MINNEAPOLIS (WCCO) -- A young man who had threatened local FBI agents was set free Tuesday in part because of a U.S. Supreme court ruling 10 days ago.
Mohamed Ali Omar, the older brother of one of seven Minnesota terror suspects accused of trying to join ISIS, was found guilty in March of threatening FBI agents who came to his south Minneapolis home to investigate his brother.
But on Tuesday he walked out of federal custody. A judge will decide in September if his conviction should be tossed out and if he should get a new trial.
It was just eight days ago that the U.S. Supreme Court ruled in a Pennsylvania case (Elonis vs. U.S.) that threatening words in some cases could be protected free speech.
Omar had already served seven months in jail, and in a note to Federal Judge Michael Davis he apologized for his actions.
Omar said he did not intend to threaten agents; he was merely defending his sister.
"I am just glad that I am out," he said. "Most of this stuff was just a big misunderstanding."
The confrontation happened last November, just after his brother Guled Ali Omar was stopped from boarding a plane at Minneapolis-St. Paul International Airport for what prosecutors say was an attempt to leave the country to join ISIS.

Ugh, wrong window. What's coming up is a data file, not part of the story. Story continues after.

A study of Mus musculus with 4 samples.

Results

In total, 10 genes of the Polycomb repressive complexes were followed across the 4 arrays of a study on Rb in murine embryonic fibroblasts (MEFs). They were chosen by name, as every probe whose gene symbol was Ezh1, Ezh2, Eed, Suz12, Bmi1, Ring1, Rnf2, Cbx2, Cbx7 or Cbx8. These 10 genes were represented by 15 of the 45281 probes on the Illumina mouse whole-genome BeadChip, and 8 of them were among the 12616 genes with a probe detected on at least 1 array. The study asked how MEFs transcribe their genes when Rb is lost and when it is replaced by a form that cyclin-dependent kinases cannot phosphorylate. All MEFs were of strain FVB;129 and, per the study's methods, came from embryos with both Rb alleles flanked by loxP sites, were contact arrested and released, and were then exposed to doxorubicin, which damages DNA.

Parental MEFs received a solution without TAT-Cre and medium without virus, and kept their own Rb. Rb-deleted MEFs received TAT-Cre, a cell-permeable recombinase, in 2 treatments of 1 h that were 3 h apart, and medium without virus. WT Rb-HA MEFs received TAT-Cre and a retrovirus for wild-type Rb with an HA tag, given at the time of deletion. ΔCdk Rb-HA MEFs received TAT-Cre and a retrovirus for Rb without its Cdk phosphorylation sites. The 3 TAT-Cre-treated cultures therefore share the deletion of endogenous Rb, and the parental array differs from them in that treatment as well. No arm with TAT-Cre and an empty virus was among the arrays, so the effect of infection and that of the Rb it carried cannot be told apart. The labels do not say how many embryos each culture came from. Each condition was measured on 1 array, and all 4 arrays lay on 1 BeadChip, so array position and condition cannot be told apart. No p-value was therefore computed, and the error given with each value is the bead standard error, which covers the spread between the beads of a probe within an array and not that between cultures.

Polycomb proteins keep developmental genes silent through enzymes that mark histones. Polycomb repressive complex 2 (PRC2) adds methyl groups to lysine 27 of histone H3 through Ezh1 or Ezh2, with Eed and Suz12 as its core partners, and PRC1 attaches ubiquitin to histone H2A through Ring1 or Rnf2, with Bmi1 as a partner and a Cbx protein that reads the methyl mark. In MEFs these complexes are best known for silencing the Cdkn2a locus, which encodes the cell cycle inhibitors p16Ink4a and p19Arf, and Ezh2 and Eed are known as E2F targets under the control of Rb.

Guled Omar told agents he was just going to California. While he was not arrested, FBI agents did come to the Omar home in South Minneapolis It was there that court documents say Mohamed Omar threatened to "put down" and "get" agents, and that he had a "permit to carry."
Mohamed Omar was arrested and has been in jail ever since. Guled Omar was arrested in April and is one of seven Minnesota friends charged with plotting to join ISIS.
Of his brother's case, Mohamed Omar would only say, "It's been pretty tough, it's been pretty tough."
Mohamed Omar will be on electronic home monitoring until the judge rules in September whether his conviction should be thrown out. Even if the judge orders a new trial, he would likely not do any more time. He has already done seven months, which is the average sentence for threatening federal agents.
Meanwhile, Mohamed Abdihamid Farah, one of the seven accused terror suspects, made his first Minnesota court appearance on Tuesday. He had been jailed in San Diego, where prosecutors say he had traveled to pick up a fake passport.
Farah's mother had complained she had not been able to visit him or talk to him by phone, and said it was a relief to have him back in Minnesota.
Mohamed Farah will be in court again Thursday, when the subject of secretly recordings made by an FBI informant will certainly come up. On those recordings prosecutors say Farah can be heard threatening the lives of Minneapolis FBI agents.
Supporters of the young men insist they are victims of entrapment.